News of Theresa May’s resignation on Friday has inspired street art deriding the Prime Minister, which appeared in Digbeth the very same day as her dramatic announcement.

Local residents woke up on Saturday morning to a stencil depiction of a crying May next to a pile of trash – bearing a sad facial expression – with the words ‘Strong and Stable’ mockingly painted underneath.

A pedestrian stops to look at the new Digbeth street art of Theresa May cryingRangzeb Hussain
A pedestrian stops to look at the new Digbeth street art of Theresa May crying

The famous phrase is an ironic reference to the Prime Minister’s much used campaign slogan, which drew wide criticism and social media mockery from her opponents.

A local woman who was passing by stopped and was taken aback by the artwork told I Am Birmingham:

“I don’t like graffiti. It’s vandalism in my opinion. But this piece here is making a valid point about the current state of our nation under the Conservative Party.

“It makes me really sad to see our country in such an economic and political mess. The rise of far-right ideology is deeply disturbing.

“I really hope things get better soon.”

Rangzeb Hussain | I Am Birmingham
Artist Muhammed Ali makes an ironic reference to Theresa May’s slogan ‘strong and stable’

A man on his way back from a shop paused for a moment to photograph the piece. He told us:

“This looks like a Banksy piece! Did he come to Brum? I’m going to share this!”

However, as politically satirical as it is, it’s not a Banksy. The artist behind this new work is muralist, calligrapher, and curator Mohammed Ali, who previously painted under the name ‘Aerosol Arabic’.

The Birmingham-based artist, who has created and shared his work at festivals and in cities around the world, has entitled his new art ‘The End of May’.

Writing on social media about his new visual commentary, he stated: “’Tears shed for the self are worth but a fraction of tears shed for another.’ – Schiller”

Members of the public have been photographing the street art of Theresa May cryingRangzeb Hussain
Members of the public have been photographing the street art of Theresa May crying

The fresh street art has generated interest from members of the public, with several car passengers along Coventry Road stopping to take photographs as they drove past the location.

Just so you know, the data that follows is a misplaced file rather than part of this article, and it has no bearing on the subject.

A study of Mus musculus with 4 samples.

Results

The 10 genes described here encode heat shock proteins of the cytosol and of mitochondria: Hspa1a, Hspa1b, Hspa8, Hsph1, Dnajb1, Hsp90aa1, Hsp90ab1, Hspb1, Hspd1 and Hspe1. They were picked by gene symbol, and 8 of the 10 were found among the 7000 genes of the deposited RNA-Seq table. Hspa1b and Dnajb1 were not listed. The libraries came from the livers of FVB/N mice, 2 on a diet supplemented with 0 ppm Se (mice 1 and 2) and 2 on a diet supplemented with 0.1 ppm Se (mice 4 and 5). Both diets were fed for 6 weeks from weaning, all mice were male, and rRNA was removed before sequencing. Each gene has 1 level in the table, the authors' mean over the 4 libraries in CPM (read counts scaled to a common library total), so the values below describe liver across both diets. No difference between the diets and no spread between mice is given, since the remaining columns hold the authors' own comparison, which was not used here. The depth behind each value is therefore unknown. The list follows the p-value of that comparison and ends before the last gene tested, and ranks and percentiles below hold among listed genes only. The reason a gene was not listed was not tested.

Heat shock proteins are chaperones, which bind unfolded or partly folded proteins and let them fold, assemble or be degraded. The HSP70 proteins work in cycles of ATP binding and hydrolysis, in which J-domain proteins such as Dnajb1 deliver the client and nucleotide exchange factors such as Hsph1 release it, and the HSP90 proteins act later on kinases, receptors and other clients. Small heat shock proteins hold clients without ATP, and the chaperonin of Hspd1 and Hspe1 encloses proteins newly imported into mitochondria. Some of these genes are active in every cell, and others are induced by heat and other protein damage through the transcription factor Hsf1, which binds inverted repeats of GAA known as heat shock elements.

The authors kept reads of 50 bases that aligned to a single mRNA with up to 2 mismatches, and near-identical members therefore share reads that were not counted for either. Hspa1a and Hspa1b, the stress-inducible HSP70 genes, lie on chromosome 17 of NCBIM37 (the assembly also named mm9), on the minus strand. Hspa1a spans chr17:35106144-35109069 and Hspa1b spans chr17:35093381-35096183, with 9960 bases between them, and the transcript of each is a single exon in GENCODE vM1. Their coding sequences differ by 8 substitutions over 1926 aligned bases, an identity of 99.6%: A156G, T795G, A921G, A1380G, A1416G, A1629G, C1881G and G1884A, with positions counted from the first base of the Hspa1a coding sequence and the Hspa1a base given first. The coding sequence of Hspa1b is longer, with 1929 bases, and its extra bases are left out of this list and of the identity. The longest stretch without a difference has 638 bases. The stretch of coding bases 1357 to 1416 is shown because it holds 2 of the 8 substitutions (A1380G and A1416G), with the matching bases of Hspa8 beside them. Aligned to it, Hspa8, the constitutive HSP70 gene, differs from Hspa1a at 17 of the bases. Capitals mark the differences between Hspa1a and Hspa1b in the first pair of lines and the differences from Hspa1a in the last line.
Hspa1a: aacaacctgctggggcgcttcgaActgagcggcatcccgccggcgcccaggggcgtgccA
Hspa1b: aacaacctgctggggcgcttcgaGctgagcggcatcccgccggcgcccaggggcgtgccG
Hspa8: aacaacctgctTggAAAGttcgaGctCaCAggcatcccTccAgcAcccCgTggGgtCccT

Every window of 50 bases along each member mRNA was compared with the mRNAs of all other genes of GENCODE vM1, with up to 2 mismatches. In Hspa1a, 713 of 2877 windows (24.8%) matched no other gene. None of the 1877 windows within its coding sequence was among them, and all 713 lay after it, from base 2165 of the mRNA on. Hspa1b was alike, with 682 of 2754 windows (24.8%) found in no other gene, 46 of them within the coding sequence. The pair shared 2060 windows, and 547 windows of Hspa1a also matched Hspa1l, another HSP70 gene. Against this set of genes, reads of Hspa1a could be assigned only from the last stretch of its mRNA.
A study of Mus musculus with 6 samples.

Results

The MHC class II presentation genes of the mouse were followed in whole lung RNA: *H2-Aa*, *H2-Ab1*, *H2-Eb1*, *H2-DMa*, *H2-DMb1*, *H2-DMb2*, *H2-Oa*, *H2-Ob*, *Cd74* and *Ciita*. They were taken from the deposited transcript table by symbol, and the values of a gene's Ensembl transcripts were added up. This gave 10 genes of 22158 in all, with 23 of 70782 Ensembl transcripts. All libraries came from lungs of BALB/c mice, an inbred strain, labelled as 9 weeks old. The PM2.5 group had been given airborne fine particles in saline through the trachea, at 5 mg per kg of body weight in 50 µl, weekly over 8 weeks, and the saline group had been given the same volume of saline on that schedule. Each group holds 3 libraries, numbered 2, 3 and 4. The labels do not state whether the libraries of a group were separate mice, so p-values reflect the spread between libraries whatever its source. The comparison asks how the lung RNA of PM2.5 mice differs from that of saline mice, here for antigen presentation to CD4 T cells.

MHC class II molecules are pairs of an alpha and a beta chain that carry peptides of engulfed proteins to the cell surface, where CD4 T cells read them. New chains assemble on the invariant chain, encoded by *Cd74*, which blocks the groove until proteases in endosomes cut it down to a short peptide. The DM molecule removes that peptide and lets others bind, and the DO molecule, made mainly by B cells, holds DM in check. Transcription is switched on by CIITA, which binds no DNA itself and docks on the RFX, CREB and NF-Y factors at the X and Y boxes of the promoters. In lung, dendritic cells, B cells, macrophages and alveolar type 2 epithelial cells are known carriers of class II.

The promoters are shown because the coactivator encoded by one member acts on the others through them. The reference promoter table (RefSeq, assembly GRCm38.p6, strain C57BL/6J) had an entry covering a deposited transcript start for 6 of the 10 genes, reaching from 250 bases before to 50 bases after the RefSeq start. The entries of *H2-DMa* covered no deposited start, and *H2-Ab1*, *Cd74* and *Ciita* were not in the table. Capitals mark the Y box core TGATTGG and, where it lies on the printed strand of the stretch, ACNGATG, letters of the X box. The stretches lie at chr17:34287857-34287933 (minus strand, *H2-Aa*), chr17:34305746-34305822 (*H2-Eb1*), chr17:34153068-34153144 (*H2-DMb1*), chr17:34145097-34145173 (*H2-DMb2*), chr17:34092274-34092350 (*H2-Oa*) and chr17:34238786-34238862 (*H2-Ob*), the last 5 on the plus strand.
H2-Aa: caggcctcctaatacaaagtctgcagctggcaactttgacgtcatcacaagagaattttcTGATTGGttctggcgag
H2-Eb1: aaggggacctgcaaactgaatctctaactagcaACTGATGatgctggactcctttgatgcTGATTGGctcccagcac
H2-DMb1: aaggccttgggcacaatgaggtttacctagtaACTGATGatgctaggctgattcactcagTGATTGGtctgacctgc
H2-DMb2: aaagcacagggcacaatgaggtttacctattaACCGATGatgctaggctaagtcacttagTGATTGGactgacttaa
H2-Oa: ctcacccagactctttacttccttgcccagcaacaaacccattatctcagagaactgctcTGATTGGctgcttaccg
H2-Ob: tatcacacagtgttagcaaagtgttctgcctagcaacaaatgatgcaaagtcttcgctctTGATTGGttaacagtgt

A homeless man who was at the site said:

“This art is my newspaper. I see real truth in it compared to the rubbish I’ve read over the years in printed news. This artist speaks my language.”

Rangzeb Hussain
This new art makes a strong political statement about the state of the nation

This is not the first time Birmingham street art has been inspired by political headlines. In April last year, two huge billboards were taken over by street artist Void One to protest the war in Syria. The anti-war art appeared near the Custard Factory.

The same artist also drew controversy after painting a picture of Jeremy Corbyn standing outside No.10 Downing Street over a billboard near the Old Crown pub in Digbeth last October.

Mohammed Ali has also previously produced street art commenting on topical events, including tributes to boxer Muhammad Ali following the sporting legend’s death. In May 2017, he produced a tribute to a much loved Birmingham teacher Robin Fidoe, who taught at Rockwood Academy.

In May last year, Ali painted a poignant piece on Bradford Street, capturing the likeness of a sniper victim from the ongoing Israeli-Palestinian conflict. This was one of many Palestine related murals and artworks that the artist has created over the years.

Rangzeb Hussain | I Am Birmingham
Theresa May stencil art in Birmingham by artist Mohammed Ali

Ali’s most recent political art was on Coventry Road in December, highlighting the jailing of Bangladeshi photojournalist Shahidul Alam by Bangladeshi authorities.

Birmingham street artists regularly use their talents to comment upon current affairs as political landscape of the nation continues to shift, and have been utilising a wealth of artistic styles to get their message across.

The artwork is located in Upper Trinity Street which is opposite Bordesley railway station in Digbeth.